By Aaron Chalfin, Benjamin Hansen, Emily Weisburst, Morgan C. Williams Jr., Niskanen Center
As police shootings remain in the public eye and the Black Lives Matter movement demands change, vocal debate about “defunding” the police can obscure a critical point: Most Americans, Black and white, are clear that what they want is not the end of police, but better police. What people want is police who treat civilians with respect and reduce serious crime. While most white Americans are generally satisfied with the police service they receive, among Black Americans there is considerably greater concern that the costs of policing are too high and that the benefits are not as large as they ought to be.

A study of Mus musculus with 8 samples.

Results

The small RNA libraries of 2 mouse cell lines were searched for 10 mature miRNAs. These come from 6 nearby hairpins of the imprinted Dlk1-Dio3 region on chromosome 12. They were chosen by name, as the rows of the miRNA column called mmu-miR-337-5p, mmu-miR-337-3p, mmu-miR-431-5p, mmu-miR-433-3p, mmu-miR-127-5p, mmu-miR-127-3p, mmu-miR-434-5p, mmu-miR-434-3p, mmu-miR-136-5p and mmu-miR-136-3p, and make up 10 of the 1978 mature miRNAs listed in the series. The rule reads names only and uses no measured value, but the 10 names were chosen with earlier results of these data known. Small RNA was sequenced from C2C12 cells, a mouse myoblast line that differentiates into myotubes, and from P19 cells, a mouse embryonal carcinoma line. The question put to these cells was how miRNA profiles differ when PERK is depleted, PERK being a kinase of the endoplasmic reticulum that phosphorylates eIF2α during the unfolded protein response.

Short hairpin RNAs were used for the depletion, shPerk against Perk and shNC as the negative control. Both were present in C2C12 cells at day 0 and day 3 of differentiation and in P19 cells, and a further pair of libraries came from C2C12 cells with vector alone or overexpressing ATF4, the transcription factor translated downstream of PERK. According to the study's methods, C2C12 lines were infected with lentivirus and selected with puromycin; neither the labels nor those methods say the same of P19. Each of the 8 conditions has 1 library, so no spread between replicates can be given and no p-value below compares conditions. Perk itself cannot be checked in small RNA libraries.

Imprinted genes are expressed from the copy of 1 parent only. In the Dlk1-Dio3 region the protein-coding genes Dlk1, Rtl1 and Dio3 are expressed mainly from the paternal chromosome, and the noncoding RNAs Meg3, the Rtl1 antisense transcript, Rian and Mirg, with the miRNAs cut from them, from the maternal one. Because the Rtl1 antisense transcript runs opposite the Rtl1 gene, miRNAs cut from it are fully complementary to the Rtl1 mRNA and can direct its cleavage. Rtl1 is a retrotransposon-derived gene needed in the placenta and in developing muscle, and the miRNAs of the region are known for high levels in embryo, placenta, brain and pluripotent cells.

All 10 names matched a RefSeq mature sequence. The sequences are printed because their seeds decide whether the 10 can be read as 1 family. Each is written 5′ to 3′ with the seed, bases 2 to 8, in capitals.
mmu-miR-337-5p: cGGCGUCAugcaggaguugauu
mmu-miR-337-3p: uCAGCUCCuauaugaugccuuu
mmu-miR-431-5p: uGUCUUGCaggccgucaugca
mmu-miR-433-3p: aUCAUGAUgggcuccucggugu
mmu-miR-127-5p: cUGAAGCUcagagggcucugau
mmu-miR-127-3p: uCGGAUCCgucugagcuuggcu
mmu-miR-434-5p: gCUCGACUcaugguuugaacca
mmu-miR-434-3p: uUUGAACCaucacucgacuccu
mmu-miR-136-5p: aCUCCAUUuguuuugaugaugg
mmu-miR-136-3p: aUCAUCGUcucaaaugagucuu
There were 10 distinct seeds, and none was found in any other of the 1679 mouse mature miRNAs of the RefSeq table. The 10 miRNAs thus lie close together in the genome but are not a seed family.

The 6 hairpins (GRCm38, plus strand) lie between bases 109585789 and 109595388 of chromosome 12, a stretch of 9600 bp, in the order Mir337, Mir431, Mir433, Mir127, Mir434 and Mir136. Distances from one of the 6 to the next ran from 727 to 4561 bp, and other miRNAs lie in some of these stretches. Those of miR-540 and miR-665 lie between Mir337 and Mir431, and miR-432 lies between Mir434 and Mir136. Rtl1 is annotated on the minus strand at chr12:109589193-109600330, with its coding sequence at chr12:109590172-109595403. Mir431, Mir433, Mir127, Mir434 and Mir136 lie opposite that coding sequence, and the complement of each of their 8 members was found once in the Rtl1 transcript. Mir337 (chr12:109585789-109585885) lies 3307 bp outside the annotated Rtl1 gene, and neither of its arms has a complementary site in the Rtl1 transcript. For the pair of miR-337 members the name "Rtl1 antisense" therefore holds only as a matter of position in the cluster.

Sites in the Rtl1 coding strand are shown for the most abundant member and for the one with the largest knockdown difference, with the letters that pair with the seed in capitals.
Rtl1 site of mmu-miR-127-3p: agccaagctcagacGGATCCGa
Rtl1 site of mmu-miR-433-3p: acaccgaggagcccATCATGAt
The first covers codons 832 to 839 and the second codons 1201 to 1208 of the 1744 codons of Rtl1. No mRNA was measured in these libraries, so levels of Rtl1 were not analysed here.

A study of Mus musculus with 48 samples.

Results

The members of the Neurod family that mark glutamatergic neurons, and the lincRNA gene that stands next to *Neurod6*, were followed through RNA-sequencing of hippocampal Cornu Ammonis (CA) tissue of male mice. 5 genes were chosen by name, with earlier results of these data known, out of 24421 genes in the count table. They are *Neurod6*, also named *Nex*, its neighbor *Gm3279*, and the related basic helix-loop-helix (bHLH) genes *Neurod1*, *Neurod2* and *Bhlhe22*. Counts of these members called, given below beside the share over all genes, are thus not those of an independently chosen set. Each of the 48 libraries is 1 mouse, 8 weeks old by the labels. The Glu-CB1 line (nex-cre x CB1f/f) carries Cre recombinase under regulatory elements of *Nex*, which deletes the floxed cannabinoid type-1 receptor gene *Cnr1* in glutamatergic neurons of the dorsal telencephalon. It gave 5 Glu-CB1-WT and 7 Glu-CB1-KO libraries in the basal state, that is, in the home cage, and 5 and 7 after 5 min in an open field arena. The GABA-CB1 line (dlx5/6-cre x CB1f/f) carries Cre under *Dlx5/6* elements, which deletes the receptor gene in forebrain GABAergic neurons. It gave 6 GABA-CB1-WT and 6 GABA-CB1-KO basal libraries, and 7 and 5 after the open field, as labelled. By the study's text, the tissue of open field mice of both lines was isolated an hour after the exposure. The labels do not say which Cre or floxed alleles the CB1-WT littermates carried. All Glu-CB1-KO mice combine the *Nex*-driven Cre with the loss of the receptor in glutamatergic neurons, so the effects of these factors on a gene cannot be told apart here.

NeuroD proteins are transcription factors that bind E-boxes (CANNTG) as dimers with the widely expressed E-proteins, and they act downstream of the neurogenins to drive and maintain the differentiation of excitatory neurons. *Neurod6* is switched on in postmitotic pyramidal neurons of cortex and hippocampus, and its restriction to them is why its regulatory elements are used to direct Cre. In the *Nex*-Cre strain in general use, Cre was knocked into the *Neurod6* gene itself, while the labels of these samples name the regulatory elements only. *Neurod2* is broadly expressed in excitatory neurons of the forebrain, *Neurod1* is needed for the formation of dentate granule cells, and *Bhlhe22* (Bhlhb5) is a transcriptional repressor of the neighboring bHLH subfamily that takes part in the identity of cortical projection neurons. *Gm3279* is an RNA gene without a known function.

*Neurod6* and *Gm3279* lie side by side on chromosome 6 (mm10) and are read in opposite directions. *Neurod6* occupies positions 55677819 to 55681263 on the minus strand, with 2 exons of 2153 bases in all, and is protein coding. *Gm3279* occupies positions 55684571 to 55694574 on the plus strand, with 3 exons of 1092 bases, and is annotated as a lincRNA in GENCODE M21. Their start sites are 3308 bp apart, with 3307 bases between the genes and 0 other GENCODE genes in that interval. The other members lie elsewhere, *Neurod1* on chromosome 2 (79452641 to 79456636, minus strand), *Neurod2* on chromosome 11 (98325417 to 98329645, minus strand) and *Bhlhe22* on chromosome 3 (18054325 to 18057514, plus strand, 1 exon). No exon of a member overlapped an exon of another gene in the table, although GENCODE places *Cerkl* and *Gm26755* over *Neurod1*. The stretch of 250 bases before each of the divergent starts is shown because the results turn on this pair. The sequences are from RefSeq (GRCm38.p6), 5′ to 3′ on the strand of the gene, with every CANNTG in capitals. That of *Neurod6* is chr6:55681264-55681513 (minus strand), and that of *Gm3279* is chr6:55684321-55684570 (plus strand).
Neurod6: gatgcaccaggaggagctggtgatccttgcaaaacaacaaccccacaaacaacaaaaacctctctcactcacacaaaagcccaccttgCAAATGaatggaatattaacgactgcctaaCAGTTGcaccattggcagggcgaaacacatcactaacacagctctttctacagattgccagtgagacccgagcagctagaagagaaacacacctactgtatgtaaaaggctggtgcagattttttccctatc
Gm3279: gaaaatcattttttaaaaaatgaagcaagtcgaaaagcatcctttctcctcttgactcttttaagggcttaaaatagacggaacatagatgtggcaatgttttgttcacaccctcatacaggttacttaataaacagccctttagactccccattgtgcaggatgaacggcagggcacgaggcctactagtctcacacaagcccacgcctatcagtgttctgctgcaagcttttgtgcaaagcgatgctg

Do more police mean safer streets?
Are police effective in reducing crime? Some observers have suggested that since police spend so much of their time responding to calls for service, they don’t engage in a whole lot of crime prevention. But there is now a great deal of evidence that the presence of police officers promotes public safety. For example, research shows that concentrating police at crime hot spots reduces serious crime in those areas and that crime levels change when police officers are reallocated in response to a terrorist attack or when they are called away from their assigned beats to deal with a serious traffic accident.
Given the Defund movement’s focus on the size of a city’s police force, it is also important to consider the effects of investments in police personnel: the number of sworn officers employed by a police department.